Blog: Pink is the new black

Despite attempts to prevent it, the pink salmon swims, spawns and dies in river Tana. Nutrients released from their carcasses can have a variety of environmental impacts.

Northern Norway has been swarming with pink salmon throughout July. Finnmark’s most recent conqueror, which spreads even more efficiently than the Alaska king crab and lupin, can be encountered in newspapers, fishing nets and on serve-over fish counters. Pink salmon is on the move again.

Pink salmon is an alien species that lived in silence for several years after the Kola Peninsula stockings, which began in the 1950s and ended in the 2000s. In 2017, however, the number of pink salmon increased dramatically, and in 2021 the stock exploded with up to a tenfold increase from the peaks of the previous years. Terrified by this, people began to build weir structures in Norway as early as 2021, and this year the effort is huge: weirs have been built on numerous rivers along the Norwegian coast, the largest of these being river Tana on the border between Norway and Finland. Although the structure of the Tana fishing weir is traditionally simple, something has gone wrong: the fish do not want to swim into the trap but stay under it in the thousands. 

It should be noted, however, that the Norwegian weirs in rivers smaller than the Tana have mainly worked quite well in both fishing for pink salmon and releasing Atlantic salmon. Of course, this is no comfort for the Finns because the Tana weir, which is critical for Finland, does not work. The weir has had to be opened several times when conditions have become so difficult due to water temperature, water shallowness or just absolute fish density that there has been fear of Atlantic salmon suffering. In august 2023 the weir has been kept open daily from morning to evening to ensure the migration of the native salmon. In changing situations opening the weir has been the only sensible option, though at the same time large numbers of pink salmon have passed through. Fortunately, however, some of the pink salmon have ended up in the seines of the local removers after they have passed through.

The present situation marks the beginning of a race in which researchers seek to find out what the presence of pink salmon actually means for the northern environment and its natural species. So what do we know about the situation?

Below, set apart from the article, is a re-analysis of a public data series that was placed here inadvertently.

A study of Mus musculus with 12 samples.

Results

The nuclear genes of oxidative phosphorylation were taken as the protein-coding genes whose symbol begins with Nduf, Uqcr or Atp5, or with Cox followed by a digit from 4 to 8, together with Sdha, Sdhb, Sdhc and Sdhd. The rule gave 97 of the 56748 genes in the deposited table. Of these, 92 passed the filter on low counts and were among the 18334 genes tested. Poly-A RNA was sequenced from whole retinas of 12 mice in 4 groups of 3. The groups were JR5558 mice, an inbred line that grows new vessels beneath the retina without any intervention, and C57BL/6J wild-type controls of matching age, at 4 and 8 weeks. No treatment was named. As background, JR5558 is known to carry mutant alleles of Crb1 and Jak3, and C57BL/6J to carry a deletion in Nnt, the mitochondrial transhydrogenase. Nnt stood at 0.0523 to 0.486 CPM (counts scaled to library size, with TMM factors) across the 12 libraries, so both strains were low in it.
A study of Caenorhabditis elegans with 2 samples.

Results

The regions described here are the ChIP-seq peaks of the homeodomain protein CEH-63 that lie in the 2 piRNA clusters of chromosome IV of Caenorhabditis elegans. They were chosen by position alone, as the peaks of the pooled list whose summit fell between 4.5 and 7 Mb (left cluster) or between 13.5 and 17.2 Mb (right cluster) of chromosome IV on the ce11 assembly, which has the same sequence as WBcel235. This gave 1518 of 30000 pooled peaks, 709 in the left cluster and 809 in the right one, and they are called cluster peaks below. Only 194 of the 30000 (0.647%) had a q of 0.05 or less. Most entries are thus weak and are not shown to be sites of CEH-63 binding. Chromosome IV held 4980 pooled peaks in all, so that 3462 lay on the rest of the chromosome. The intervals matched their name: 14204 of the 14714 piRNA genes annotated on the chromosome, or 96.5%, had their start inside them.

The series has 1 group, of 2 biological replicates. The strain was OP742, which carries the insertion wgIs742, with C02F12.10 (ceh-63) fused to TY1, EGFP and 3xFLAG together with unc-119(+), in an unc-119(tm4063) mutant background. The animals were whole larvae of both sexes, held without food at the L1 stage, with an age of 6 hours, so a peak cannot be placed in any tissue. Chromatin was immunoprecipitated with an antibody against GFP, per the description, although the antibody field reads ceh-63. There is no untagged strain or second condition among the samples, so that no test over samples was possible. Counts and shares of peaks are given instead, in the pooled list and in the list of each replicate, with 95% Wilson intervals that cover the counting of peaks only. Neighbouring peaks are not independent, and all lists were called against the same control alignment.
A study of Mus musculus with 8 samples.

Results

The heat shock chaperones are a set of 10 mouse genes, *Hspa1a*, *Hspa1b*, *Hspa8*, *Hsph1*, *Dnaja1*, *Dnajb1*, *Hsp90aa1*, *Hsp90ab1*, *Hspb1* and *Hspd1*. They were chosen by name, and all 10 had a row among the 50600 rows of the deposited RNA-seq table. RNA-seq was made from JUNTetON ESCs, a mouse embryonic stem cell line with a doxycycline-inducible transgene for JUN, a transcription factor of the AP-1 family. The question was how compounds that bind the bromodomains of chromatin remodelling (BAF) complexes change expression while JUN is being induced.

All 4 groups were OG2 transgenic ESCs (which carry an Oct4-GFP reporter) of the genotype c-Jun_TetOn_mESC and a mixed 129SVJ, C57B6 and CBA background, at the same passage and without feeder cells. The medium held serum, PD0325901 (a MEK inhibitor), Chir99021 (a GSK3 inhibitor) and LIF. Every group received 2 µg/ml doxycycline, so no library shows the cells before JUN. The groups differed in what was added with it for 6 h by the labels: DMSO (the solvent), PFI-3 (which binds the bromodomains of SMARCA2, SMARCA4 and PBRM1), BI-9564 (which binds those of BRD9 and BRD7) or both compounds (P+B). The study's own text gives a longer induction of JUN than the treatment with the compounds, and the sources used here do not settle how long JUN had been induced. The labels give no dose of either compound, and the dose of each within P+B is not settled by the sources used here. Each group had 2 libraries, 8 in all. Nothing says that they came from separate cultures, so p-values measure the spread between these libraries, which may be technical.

It is certain that soon after spawning, the pink salmons die in the rivers. It is uncertain where all the carcasses will end up, and where the biggest ecological impacts will occur. It is certain that the carcasses provide a completely new kind of food for the organisms in the river, given that the cornerstone of the food webs of the northern rivers has traditionally been the leaves that fall into them in the autumn. It is unclear what the new form of food means for river decomposer and consumer communities and thus for food webs. It is certain that the decomposition of the carcasses will release considerably more nutrients into the rivers than before. It is uncertain whether the nutrients will remain at the disposal of the primary producers in the river ecosystem, or whether they will be immediately washed back into the Arctic Ocean.

Thus, the environmental impacts of a mass invasion may even lead to unexpected situations. In fact, a new source of energy could even improve the productivity of the river and the survival of the Atlantic salmon fry, although the changes are likely to take place at the expense of native biodiversity. Interesting information will also be coming up in 2025, the next year when pink salmon will head up the river: did the (functioning) weirs manage to reduce the number of pink salmon in the next migration, even though there are likely to be more and more pink salmon coming from Russia? The situation therefore requires monitoring, action and research, and the funding to implement them.

It is August, and despite the Norwegian weir, this summer over a 100 000 of pink salmon swim, spawn and die in river Tana. Only time and research will tell what the future of the river looks like.

Aino Erkinaro is a doctoral candidate at the University of Oulu, who is studying the ecosystem effects of pink salmon in Utsjoki in August-September. The work is part of a research project funded by the Academy of Finland and the University of Oulu (www.oulu.fi) and carried out in cooperation with the Finnish Environment Institute.

Heidi Blom is a project coordinator in Natural Resources Institute Finland, working on an IBA-funded invasive alien species project (barents-ias.info). The project develops fishing methods suitable for pink salmon and disseminates information and good practice on invasive alien plants control in cooperation with WWF and Rural Women’s Advisory Organization.

Originally published as a blog post by Natural Resources Institute Finland.